A true heart of darkness lies at the center of our galaxy: Sagittarius A* (pronounced “A-star”) is a supermassive black hole with the mass of four million suns packed into an area only as wide as the distance between Earth and the Sun. Itself invisible to direct observation, Sgr A* makes its presence known through its effect on nearby stars, sending them hurtling through space in complex orbits at speeds upwards of 600 miles a second. And it emits a dull but steady glow in x-ray radiation, the last cries of its most recent meals. Gas, dust, stars… solar systems… anything in Sgr A*’s vicinity will be drawn inexorably towards it, getting stretched, shredded and ultimately absorbed (for lack of a better term) by the dark behemoth, just adding to its mass and further strengthening its gravitational pull.
Now, for the first time, a team of researchers led by Reinhard Genzel from the Max-Planck Institute for Extraterrestrial Physics in Germany will have a chance to watch a supermassive black hole’s repast take place.
A cloud of cool ionized gas has been spotted rapidly approaching the accretion disk of Sgr A*, picked out within several years’ worth of observations made with the European Southern Observatory’s Very Large Telescope array located in the high, dry mountains of Chile’s Atacama Desert.
The cloud, estimated to be three times the mass of Earth, has already begun to break apart due to the powerful tidal forces created by Sgr A*’s gravity. These will only intensify as the cloud moves closer to the black hole, eventually ripping it apart entirely and creating shockwaves of energy and radiation flares.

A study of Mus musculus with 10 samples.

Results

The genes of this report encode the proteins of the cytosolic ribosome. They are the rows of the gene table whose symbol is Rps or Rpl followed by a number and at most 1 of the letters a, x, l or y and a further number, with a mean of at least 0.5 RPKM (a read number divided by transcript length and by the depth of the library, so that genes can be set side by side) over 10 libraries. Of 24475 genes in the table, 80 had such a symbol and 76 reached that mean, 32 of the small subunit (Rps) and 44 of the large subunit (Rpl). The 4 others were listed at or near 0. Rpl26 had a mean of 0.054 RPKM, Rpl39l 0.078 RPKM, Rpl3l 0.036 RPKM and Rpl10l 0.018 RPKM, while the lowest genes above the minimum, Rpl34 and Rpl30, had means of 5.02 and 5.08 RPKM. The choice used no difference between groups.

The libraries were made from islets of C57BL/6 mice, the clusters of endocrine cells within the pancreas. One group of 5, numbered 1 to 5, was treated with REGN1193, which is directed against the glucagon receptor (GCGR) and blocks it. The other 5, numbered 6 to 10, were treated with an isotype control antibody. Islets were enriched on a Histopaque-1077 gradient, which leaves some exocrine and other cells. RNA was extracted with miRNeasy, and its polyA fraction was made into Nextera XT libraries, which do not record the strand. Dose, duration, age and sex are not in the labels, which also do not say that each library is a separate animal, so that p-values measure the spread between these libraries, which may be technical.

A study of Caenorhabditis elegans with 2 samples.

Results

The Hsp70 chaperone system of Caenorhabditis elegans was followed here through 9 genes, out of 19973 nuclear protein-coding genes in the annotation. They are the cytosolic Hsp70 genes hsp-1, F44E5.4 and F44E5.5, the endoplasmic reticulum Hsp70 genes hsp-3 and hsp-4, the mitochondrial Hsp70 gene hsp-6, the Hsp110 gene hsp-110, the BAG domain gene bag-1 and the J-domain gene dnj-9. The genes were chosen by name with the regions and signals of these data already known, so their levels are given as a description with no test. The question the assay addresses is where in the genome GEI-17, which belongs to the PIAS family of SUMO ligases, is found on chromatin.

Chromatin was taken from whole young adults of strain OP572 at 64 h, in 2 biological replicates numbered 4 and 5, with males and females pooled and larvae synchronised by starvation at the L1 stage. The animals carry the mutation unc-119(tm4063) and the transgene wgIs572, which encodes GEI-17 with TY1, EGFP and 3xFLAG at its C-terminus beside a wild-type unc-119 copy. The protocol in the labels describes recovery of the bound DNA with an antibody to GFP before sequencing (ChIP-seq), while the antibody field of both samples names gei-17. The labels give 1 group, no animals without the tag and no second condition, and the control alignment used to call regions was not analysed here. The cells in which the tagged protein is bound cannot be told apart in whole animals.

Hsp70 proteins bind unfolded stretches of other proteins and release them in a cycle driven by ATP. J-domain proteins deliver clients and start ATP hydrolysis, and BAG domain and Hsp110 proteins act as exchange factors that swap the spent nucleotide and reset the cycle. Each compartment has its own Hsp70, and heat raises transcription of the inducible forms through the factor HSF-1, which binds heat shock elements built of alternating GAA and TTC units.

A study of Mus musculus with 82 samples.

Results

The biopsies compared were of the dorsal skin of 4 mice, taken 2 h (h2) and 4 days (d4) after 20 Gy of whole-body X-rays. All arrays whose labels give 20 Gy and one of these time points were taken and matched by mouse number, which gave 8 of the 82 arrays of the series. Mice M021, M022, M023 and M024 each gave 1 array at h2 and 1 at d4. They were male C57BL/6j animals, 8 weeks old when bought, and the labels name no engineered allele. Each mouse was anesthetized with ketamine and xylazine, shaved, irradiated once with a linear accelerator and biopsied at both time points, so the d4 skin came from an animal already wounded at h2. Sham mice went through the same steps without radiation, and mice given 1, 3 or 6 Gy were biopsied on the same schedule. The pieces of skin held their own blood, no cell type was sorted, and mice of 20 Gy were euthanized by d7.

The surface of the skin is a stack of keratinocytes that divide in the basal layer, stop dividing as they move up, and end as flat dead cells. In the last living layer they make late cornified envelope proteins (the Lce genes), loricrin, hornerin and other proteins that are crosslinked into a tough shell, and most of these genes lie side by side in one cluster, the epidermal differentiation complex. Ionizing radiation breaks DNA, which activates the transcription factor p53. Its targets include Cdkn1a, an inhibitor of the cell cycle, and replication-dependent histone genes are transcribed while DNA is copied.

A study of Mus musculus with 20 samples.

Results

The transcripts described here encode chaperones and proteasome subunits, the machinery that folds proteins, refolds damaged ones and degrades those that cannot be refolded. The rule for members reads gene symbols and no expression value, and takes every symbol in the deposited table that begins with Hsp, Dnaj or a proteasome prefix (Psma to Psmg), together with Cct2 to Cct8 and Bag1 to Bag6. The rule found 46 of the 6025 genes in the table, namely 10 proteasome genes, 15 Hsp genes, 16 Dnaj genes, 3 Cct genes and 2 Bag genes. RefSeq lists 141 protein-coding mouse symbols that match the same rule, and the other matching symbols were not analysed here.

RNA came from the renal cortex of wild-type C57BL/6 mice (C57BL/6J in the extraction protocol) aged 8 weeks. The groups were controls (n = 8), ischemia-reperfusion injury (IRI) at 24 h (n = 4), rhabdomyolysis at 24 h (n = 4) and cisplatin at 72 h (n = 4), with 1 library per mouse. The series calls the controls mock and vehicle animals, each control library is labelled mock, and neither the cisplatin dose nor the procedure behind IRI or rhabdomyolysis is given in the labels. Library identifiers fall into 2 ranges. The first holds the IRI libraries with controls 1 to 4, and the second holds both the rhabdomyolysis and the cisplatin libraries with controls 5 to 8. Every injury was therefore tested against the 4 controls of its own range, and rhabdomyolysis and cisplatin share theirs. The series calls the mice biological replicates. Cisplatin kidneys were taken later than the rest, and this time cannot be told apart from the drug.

Of course, this is exactly what researchers are hoping for.
This will be the first time that the feeding process of a supermassive black hole will be witnessed from start to finish. There is still much to be learned about the enigmatic curiosities that reside at the centers of many galaxies, and witnessing Sgr A*’s latest meal will help increase our working knowledge of SMBHs, and black holes in general.
“The idea of an astronaut close to a black hole being stretched out to resemble spaghetti is familiar from science fiction. But we can now see this happening for real to the newly discovered cloud. It is not going to survive the experience,” said Stefan Gillessen, the lead author of the paper.
“It’s very exciting,” he added.
It’s estimated that the entire process could take up to a decade to unfold, with the gas cloud encountering Sgr A*’s event horizon in 2013.
The video above takes us on an amazing flight into the heart of the Milky Way beginning at our planet’s location within an outlying arm and zooming all the way to where Sgr A* resides. Inside the galactic hub we can see massive stars orbiting an invisible yet undeniably massive point, and the hazy cloud of gas that’s destined for dinner is circled in white, showing its locations from 2002 until now.
It’s only a matter of time before it succumbs to the black hole’s embrace. And when it does, our telescopes will be watching.
“The next two years will be very interesting and should provide us with extremely valuable information on the behaviour of matter around such remarkable massive objects.”– Reinhard Genzel, team leader
The team’s paper was published today in this week’s issue of the journal Nature. Read more on the ESO press release here.